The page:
THE 1970s was a decade of very big highs and very deep lows for Huddersfield Town.
Town returned to the top flight in 1970 as Second Division champions and a team brimming with international quality.
Two seasons at that level were followed by a dramatic drop into the old Fourth Division (now League II) and some of the darkest days in Leeds Road history.
By the end of the decade, however, Mick Buxton had launched a revival through another promotion-winning team – Fourth Division champions – and a new generation began to love the blue and white stripes once again.
It should be no surprise, then, that supporters have chosen a mix of players from those two teams to make up their 1970s representative Town team.
Terry Poole followed up his selection in the 1960s fans’ team by being handed the green jersey again.
He polled 45% of the votes, ahead of Alan Starling (27%) and David Lawson (25%).
“He could kick with either foot and was simply solid and reliable, and was very unlucky with injuries,” wrote one fan when picking Poole.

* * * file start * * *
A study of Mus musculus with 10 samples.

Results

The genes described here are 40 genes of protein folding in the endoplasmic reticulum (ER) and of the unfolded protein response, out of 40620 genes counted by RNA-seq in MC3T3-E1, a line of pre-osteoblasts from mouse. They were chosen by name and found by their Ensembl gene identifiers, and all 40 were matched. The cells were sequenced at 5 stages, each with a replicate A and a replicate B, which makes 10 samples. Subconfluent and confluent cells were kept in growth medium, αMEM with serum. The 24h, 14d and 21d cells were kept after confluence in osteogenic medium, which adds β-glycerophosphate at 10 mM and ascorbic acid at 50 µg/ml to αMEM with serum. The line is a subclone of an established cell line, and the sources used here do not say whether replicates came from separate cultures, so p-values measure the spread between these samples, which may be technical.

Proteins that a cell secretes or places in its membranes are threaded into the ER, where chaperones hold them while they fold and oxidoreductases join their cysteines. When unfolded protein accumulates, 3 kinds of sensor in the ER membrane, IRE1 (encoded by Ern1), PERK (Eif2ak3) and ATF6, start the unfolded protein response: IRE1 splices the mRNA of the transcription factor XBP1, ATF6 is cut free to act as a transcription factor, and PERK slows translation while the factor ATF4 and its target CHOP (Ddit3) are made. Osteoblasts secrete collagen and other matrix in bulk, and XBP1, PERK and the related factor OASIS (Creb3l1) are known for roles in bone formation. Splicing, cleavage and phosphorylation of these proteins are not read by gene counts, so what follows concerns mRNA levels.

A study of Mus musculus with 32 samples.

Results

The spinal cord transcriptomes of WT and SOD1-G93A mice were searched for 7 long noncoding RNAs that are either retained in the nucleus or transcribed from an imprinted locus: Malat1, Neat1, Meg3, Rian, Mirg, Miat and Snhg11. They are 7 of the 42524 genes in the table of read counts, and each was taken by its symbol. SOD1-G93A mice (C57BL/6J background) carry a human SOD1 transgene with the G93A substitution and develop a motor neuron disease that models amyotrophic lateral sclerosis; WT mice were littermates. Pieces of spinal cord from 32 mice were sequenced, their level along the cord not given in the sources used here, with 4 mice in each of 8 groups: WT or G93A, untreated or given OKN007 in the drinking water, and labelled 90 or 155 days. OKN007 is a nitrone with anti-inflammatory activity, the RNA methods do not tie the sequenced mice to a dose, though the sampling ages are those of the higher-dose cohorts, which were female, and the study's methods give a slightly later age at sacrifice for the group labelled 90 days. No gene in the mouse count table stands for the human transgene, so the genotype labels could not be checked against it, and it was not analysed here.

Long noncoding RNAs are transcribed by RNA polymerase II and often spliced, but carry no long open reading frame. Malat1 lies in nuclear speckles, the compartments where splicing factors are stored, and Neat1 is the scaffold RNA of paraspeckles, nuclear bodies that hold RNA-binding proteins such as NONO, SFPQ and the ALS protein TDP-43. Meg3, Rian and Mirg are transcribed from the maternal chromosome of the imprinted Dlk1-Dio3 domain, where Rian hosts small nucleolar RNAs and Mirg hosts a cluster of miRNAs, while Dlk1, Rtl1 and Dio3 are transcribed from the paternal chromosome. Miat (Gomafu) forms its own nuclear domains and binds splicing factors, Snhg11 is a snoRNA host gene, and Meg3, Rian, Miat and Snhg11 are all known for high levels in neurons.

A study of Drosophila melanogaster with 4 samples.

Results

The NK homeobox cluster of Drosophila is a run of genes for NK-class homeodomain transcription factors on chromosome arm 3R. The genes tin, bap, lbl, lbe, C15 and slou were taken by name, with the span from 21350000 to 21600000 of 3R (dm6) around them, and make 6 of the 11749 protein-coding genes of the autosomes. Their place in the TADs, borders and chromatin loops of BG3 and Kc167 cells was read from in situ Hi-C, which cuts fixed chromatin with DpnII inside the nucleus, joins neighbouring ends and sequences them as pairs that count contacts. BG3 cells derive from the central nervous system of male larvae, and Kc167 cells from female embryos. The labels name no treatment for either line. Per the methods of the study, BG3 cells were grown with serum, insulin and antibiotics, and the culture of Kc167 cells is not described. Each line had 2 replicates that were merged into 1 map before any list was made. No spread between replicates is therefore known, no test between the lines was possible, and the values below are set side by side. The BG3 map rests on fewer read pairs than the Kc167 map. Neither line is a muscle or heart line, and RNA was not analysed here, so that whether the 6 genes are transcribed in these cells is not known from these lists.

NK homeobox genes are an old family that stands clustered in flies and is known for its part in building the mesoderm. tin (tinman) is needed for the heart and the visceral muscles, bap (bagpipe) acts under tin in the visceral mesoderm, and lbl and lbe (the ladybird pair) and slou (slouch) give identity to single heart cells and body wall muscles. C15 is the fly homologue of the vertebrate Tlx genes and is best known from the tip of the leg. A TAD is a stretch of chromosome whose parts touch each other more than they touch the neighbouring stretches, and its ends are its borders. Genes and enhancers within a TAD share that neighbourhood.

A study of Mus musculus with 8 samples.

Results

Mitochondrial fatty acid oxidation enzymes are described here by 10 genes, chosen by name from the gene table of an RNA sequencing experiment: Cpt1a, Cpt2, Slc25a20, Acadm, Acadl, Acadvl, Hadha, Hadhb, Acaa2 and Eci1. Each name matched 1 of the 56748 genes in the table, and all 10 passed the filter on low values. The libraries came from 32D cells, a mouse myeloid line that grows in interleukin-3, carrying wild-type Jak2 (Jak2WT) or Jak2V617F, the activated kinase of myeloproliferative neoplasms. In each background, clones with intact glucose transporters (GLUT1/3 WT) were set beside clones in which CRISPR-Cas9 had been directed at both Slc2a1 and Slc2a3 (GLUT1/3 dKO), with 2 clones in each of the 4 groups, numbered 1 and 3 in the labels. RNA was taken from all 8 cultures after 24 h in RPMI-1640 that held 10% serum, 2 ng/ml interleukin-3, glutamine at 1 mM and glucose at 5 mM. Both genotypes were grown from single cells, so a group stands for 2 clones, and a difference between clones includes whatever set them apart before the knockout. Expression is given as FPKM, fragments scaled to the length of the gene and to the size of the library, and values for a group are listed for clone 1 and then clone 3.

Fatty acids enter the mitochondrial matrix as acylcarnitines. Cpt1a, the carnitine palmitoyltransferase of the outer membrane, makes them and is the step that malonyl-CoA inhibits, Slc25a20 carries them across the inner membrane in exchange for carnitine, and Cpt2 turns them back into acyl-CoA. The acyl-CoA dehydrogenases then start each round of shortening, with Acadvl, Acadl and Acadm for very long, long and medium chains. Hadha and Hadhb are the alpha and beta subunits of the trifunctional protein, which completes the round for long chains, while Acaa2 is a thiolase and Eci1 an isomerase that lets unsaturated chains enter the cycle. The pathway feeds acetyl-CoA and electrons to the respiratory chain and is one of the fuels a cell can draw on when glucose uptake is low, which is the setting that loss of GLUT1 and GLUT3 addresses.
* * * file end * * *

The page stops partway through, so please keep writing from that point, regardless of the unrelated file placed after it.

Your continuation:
“He had the potential to go to the top,” said another, while a third termed the Chesterfield-born star “a class act”.
At right-back, a man who played for five years for the club without missing a game – a club record which is never likely to be beaten – was the overwhelming choice, with two out of every three fans voting picking Malcolm Brown.
His overlapping style and brilliant crossing thrilled those who saw Town win the 1979-80 Division IV title.
He polled 67% of the votes, with Dennis Clarke second on 30%.
“It’s the easiest decision of the lot – Mally is a legend,” wrote one fan.
“He could defend well, head well and cross the ball on the run, and he hardly ever got an injury,” said another.
At left-back the fans went for Geoff Hutt, who rose to fame in Ian Greaves’ promotion side and played in all four divisions for the club.
A star of the 1969-70 Division II title-winning team, he polled 53% of the votes, with Brian Marshall second with 25%.
“Geoff held his own at the highest level,” commented one supporter.
“Nothing got past him, he was dependable and as hard as nails,” said another, while a third described him as: “Pure class, with a pair of bandy legs!”
In central defence, two men stood out for supporters – Dave Sutton and Keith Hanvey.